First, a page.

The LLILAS Benson Digital Scholarship Fellowship program provides a $3,000 stipend for a UT/non-UT graduate student or a non-UT Masters-level (or above) scholar to pursue research or teaching interests in Latin American, U.S. Latinx, African Diaspora, or Indigenous Studies using the Benson Latin American Collection’s digitized holdings and digital methods/platforms remotely.
Call for 2022 applications will open in September 2021.
Ryan Scott Hechler is an Anthropology PhD student at Tulane University and he received an Anthropology M.A. from McGill University. His doctoral research focuses on the development of late Pre-Columbian Barbacoan identity and complexity in northern Ecuador and regional transitional colonial experiences under the Inkas and Spanish via archaeology, GIS, and ethnohistory. His principal archaeological site of investigation is the monumental site of Cochasquí in the northern highlands of Ecuador, for which he is a recent recipient of the Fulbright-Hays Doctoral Dissertation Research Abroad Fellowship to support his forthcoming fieldwork. His fellowship project focuses on developing a publicly accessible Geographic Information System (GIS) dataset that accurately maps natural landscape toponyms of Ecuador via the georeferencing of topographic maps in the Perry-Castañeda Library’s Map Collection.
Abisai Perez is a Ph. D. candidate in the Department of History at UT Austin. His dissertation explores how the Spanish crown integrated the Philippine natives as vassals during the sixteenth and seventeenth centuries. His fields of expertise span colonial Latin America, nineteenth-century Mexico, and the Iberian empires in early modern Southeast Asia. He is also interested in Statistics and the programming language Python for research in Data Science. For his fellowship, he will transform a collection of royal decrees in the Genaro Garcia Collection on the colonial government of the Philippines into a data set that he can mine and visualize.
Marina del Sol received a Ph.D. from the Américo Paredes Center for Cultural Studies at The University of Texas at Austin and a B.A. from the University of California at Berkeley. Currently, she is a Master Instructor at Howard University. Her interdisciplinary scholarship looks at identity and belonging in the United States with a focus on cultural forms and representations of Otherness. Through the mining of the Onda Latina digital archive, her project will identify and illuminate connections between the political sphere and Mexican American culture, folklore, and history as well as examine experiences of citizenship within networks of Mexican American artists, activists, and community members using various infographic tools.
Brittany Erwin is a PhD candidate in the History Department at the University of Texas at Austin. Her dissertation explores the underlying mechanisms that sustained the Spanish Empire during its final decades, arguing that political ritual–public, formulaic expressions of loyalty and obligation–played an essential role in that process. Her project will employ various digital tools to analyze the rhetoric of reciprocity between Crown and subject in 18th-century documents preserved at the Benson.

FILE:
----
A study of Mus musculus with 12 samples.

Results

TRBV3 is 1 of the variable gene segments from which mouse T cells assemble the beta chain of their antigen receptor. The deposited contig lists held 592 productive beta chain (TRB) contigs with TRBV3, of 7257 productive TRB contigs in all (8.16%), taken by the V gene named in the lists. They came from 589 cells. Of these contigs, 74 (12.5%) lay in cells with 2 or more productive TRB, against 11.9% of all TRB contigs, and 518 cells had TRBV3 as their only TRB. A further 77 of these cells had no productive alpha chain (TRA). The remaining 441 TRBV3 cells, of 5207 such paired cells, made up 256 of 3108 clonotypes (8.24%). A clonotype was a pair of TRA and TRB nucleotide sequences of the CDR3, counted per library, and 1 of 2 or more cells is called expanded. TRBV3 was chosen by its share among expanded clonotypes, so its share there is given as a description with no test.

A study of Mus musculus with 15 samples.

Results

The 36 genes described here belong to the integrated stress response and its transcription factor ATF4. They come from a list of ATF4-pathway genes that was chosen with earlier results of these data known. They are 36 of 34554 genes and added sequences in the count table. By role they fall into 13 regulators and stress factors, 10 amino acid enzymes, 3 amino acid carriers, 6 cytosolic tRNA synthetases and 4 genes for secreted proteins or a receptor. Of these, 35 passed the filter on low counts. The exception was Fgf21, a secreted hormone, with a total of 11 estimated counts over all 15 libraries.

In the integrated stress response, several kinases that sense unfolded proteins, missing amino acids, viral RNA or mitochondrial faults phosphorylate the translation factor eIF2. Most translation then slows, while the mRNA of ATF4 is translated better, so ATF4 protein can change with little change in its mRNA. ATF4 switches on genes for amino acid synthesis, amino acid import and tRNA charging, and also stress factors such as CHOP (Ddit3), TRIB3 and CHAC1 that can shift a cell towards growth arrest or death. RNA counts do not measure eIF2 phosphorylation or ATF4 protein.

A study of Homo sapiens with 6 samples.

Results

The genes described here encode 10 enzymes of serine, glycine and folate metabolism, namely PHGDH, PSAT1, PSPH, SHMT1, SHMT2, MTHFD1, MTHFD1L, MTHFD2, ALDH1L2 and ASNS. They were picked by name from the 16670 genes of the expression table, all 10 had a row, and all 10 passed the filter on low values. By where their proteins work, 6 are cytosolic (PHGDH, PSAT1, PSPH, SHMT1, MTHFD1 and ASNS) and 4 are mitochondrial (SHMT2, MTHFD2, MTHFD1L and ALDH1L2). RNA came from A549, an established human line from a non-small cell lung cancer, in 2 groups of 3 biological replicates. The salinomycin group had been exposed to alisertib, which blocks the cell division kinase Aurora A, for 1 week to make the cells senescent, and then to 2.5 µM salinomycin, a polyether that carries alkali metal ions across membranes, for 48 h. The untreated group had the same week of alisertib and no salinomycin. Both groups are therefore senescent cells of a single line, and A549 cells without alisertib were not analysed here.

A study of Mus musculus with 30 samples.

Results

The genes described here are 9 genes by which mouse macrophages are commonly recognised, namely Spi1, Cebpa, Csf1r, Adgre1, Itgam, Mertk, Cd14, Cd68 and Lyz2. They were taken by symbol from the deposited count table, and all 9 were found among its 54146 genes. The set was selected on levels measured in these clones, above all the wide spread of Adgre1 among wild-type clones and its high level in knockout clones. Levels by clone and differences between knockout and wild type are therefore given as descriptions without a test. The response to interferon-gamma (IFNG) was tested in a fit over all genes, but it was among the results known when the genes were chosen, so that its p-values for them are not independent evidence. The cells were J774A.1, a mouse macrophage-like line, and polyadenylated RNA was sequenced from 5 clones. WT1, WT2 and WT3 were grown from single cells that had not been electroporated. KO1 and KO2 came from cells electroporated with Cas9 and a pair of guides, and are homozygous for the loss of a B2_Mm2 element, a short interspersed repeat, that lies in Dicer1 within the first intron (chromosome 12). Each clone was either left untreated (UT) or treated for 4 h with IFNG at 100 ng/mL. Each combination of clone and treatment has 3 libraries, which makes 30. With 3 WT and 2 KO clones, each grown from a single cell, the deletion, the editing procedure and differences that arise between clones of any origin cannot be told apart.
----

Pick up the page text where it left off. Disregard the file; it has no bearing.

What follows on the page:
Nidia Hernández is a member of the Argentine Center for Scientific and Technological Information (CAICyT-CONICET) where she collaborates with the documentation, automatic processing and analysis of endangered languages of South America and develops digital resources for georeferencing and pusblishing Early Modern Latin American texts. During her residency at the Benson, she will be developing the first digital edition of Primer viaje alrededor del mundo (1899), a chronicle about the first European circumnavigation of the world and one of the first written texts referring to the Patagonia.
Andrea Alvarez holds a Bachelor of Architecture degree from Universidad Central de Venezuela. In June 2018, she received the distinction Summa Cum Laude. Alvarez is currently pursuing a Masters of Architecture Degree at The University of Texas at Austin School of Architecture. At the Benson, she will be studying drawings and descriptions related to “carpinteria de lo blanco” found in the 17th-century manuscript of Fray Andrés de San Miguel to create 3D models to examine the design and building process.
Antonio Villarruel was born in Quito, Ecuador, and currently lives between Mexico City and Madrid. He is a doctoral candidate both at el Colegio de México and Universidad Autónoma de Madrid. His interests include intellectual history, critical theory, Adean cultures and literatures, and documentary theory. In 2011 he published the essay book “Ciudad y derrota”. He also directed the documentary “Versiones de la vecindad”, on Mexican writer Carlos Monsiváis. For his fellowship, he will be extracting data from the correspondence in the Ernesto Cardenal Papers to visualize and examine his social networks.